Paraffin deposition during oil and gas production is a common challenge and may partially or completely plug the wellbore, production tubing and flowlines. This results in significant reduction in well production and frequent paraffin remediation jobs. Chemical treatment is used widely and is one of the most practical ways to mitigate paraffin deposition. In previous studies, conventional test methods such as cold finger testing have been implemented to screen paraffin inhibitors for field applications. However, poor correlations between laboratory results and field observations challenge the reliability of the method. Developing a comprehensive laboratory protocol is imperative for screening effective paraffin inhibitors.

In this study, we introduce a systematic laboratory procedure to assess the performance of paraffin inhibitors on oil samples produced from formations located in the Western Canadian Sedimentary Basin (WCSB). These formations include Duvernay, Montney, and Cardium. The laboratory protocol is composed of three test procedures. First, we measure the viscosity of the oil samples mixed with paraffin inhibitors over a wide range of temperature values. Second, we perform cold finger tests using oil samples mixed with the various paraffin inhibitors. Lastly, we quantify the fouling tendency of oil samples with and without paraffin inhibitors using a para-window instrument by dynamically measuring near-infrared light transmittance on a temperature controlled reflective surface.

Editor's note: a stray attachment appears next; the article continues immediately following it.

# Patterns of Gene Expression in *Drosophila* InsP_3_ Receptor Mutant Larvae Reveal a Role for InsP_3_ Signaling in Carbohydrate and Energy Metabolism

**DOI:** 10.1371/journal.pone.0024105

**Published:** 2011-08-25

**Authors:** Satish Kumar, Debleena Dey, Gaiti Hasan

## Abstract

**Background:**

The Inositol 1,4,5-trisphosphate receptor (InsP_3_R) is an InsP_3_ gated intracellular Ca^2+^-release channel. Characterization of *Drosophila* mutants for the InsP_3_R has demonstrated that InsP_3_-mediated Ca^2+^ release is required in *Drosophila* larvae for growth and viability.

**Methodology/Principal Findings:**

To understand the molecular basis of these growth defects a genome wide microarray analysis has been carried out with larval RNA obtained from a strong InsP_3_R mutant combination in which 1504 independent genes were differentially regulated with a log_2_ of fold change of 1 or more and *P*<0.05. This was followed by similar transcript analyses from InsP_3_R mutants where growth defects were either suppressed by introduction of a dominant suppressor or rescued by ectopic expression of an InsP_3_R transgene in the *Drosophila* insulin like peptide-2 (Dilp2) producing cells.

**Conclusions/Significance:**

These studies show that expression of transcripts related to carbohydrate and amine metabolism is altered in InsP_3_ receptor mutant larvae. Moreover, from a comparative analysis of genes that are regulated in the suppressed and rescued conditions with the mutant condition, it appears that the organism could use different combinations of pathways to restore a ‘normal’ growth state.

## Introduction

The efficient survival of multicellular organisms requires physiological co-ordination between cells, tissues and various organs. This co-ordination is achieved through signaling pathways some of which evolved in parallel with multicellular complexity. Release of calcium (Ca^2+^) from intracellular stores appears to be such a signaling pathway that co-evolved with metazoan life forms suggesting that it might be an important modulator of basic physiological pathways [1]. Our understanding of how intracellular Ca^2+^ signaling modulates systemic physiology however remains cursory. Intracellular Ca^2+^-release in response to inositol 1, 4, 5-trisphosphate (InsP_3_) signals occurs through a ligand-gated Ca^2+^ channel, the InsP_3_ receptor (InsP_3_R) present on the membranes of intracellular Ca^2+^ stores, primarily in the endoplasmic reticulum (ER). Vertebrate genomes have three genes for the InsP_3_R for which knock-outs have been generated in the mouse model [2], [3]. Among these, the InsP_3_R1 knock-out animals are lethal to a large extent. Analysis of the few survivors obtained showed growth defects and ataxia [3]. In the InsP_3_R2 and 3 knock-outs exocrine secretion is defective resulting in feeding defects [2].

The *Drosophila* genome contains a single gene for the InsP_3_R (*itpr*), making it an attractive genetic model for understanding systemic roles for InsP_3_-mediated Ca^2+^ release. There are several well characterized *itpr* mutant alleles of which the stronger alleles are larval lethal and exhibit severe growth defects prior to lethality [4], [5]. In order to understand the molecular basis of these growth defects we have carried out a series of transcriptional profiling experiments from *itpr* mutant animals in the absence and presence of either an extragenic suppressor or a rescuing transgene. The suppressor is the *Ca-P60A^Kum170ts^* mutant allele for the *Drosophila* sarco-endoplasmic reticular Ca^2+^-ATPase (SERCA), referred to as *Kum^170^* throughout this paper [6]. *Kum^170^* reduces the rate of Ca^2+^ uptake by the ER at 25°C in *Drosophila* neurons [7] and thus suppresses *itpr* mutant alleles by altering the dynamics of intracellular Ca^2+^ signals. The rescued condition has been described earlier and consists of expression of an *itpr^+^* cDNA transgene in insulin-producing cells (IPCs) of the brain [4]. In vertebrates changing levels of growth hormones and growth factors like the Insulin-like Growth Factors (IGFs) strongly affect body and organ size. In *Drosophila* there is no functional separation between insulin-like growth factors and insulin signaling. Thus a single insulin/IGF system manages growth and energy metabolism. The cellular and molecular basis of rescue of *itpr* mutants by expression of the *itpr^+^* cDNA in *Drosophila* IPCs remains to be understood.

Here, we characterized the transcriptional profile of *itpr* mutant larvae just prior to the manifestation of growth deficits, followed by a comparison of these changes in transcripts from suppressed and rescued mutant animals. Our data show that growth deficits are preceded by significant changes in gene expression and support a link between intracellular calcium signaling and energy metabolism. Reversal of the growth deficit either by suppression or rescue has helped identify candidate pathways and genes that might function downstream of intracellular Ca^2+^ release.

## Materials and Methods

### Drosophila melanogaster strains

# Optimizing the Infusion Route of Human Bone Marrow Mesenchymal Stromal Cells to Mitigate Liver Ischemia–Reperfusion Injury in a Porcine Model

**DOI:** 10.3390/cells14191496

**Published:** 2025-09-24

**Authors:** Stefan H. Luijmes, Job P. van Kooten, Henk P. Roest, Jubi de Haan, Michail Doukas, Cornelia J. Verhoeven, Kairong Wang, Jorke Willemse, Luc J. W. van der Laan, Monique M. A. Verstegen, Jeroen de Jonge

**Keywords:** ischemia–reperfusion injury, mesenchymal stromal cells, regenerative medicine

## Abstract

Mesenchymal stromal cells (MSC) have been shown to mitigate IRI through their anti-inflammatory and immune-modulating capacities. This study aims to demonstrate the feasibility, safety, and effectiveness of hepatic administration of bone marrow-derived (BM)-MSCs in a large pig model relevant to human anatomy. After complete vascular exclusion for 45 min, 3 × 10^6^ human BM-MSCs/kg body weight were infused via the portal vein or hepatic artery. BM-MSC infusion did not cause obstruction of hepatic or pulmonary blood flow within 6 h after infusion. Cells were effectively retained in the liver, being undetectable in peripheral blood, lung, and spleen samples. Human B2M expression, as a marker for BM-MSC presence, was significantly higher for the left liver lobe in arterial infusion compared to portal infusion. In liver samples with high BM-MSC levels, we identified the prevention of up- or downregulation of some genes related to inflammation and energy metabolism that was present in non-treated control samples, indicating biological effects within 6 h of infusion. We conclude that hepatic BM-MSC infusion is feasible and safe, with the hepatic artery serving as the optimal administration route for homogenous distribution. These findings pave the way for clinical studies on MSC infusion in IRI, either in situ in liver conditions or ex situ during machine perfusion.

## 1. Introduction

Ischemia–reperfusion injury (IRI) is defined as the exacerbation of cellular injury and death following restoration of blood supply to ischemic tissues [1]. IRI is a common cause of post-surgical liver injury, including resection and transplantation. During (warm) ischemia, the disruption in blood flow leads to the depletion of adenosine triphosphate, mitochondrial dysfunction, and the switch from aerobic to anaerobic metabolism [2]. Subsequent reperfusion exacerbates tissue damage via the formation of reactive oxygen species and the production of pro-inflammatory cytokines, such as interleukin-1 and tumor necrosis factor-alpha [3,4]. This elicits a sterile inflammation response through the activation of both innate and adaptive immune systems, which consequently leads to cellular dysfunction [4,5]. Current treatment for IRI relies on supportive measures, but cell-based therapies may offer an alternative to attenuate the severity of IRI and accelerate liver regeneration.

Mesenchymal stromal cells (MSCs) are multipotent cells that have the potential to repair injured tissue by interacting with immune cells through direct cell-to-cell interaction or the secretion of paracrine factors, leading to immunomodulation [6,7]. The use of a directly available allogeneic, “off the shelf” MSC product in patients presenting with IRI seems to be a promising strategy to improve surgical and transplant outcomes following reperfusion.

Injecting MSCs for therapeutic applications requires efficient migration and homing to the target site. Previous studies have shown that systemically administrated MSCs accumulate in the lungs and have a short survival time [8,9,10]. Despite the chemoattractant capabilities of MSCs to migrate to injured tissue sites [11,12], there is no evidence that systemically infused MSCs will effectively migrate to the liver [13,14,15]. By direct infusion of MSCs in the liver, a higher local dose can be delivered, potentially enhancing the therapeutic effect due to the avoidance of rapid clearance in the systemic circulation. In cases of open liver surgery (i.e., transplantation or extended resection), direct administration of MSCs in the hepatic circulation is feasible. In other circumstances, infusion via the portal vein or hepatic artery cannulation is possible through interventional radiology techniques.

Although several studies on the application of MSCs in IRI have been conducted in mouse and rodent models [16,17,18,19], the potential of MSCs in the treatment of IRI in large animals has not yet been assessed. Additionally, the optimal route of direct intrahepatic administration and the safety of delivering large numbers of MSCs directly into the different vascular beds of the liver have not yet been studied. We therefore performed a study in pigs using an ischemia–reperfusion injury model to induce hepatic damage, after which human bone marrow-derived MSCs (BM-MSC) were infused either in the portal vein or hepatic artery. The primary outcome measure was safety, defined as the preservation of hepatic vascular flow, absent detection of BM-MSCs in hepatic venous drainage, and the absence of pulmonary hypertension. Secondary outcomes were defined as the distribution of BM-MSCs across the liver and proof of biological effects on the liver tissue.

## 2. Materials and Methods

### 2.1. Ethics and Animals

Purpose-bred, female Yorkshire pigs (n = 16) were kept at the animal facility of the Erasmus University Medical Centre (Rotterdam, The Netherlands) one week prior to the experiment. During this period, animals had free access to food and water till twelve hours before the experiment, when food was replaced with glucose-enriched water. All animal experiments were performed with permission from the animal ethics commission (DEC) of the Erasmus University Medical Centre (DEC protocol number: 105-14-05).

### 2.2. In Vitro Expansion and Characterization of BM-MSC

Several polymeric chemical families including ethylene vinyl acetate (PI-1), maleic ester (PI-2), maleic amide (PI-3), and alkylphenol (PI-4) are evaluated using this laboratory protocol. The measured performance of the paraffin inhibitors varies depending on the technique used and the temperature at which the evaluation is performed. In the case of experiments performed on the Montney oil sample, it is found that inhibitor containing maleic ester (PI-2) demonstrates 31% of reduction in viscosity testing, 75% of inhibition from cold finger testing, but only 8% of fouling reduction in the para-window testing. As this protocol is implemented over a wide range of temperature values, it provides valuable insights about the effectiveness and versatility of paraffin inhibitors at different operational conditions. In the case of PI-2, it shows higher inhibition at temperature near 0°C, rather than near the Wax Appearance Temperature (WAT) of 30°C, indicating that it might not be a suitable candidate for inhibiting the more problematic high molecular weight paraffins generated at 30°C.

The laboratory protocol developed in this study helps narrow the gap between laboratory results and field observations. It highlights the importance of matching representative field temperature conditions within the laboratory; and provides new insights about the performance of paraffin inhibitors for oil field applications.